The lecture provides a legal historical interpretation of an early 13th-century French prose-romance in order to show how so-called fantastic literature can sometimes be read as raising profound questions about law and politics.

Professor Stephen D. White.In La mort le Roi Artu (c.1230), Queen Guinevere is accused of treacherously poisoning Gaheris, a knight of King Arthur’s, but is later acquitted when Lancelot proves by battle against Gaheris’s brother Mador that the queen had no treason in mind. Because the story shows that Guinevere caused Gaheris to die by giving him a poisoned fruit to eat, but did so without knowing that it was poisoned, the killing resembles other 'misadventures' and 'mischances' that befall many characters in this prose-romance when one of them harms or kills another without intending to do so. By analyzing Guinevere’s trial for killing by treason in relation to other cases of 'misadventure' and 'mischance,' I show how La mort le Roi Artu — like other Arthurian romances — makes artful use of odd coincidences, accidents, disguises, honest and dishonest misunderstandings, ridiculous conspiracies, and other plot-devices to raise serious questions about legal and moral responsibility, intention, treason, loyalty, and sin in kingdoms of the High Middle Ages.

Professor White

Stephen D. White is Candler Professor of Medieval History (emeritus) at Emory University. He was part of an anthropological turn within medieval studies, and wrote important articles from the late 1970s onwards discussing the social, political, and legal order in 'feudal' France. Here he argued against the widespread opinion that this was a 'feudal anarchy,' instead highlighting alternative ways of creating and maintaining social order without a state. Since the 1990s, Professor White has written extensively on emotions, holding that Norbert Elias’ view on the 'civilizing' of emotions needs to be drastically revised. Increasingly, White has turned to interdisciplinary methods in his research, exploring so-called 'unhistorical' literature and works of art (including the Bayeux Tapestry) for their implicit discussions on contemporary issues. Some of Stephen White’s most important contributions are collected in Feuding and Peace-Making in Eleventh-Century France (2005) and Re-Thinking Kinship and Feudalism in Early Medieval Europe (2006, both in Ashgate Variorum series).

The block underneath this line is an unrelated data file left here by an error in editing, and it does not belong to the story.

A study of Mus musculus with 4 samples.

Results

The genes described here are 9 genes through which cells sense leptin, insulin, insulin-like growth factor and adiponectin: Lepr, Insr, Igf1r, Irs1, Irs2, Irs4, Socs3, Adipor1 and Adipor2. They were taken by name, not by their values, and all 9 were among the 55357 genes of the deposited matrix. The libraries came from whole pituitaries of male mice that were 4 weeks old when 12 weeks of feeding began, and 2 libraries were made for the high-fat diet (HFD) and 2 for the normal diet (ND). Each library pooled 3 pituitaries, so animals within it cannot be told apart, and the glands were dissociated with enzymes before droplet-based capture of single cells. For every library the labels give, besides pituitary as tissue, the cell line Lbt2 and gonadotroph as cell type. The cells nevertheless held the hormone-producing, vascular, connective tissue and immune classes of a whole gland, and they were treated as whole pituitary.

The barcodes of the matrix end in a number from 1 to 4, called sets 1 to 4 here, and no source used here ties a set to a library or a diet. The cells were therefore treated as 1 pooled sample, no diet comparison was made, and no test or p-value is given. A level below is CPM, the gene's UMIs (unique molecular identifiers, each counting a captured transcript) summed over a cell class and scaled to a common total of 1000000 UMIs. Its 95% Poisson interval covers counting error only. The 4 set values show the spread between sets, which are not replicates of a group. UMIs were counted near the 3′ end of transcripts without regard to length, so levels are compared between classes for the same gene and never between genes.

He is participating in the CAS project The Nordic 'Civil Wars' in the High Middle Ages in a Comparative Perspective.

Sophus Bugges Annual Lecture

Sophus Bugge is a foundational figure for the study of Scandinavian, and most prominently Old Norse culture and language. The Sophus Bugge Annual Lecture series aims at presenting international and excellent research in the multidisciplinary study of the Scandinavian Middle Ages in the tradition of Sophus Bugge.

Young medievalists awarded with grants from Kaja & Torfinn Tobiassens fund for medieval studies will be presented in conncection with the lecture.


The University of Oslo (UiO) by the Department of Linguistics and Scandinavian Studies (ILN)Department of Archaeology, Conservation and History (IAKH)Department of Philosophy, Classics, History of Art and Ideas (IFIKK) and Faculty of Humanities (HF), and the Norwegian School of Theology (MF).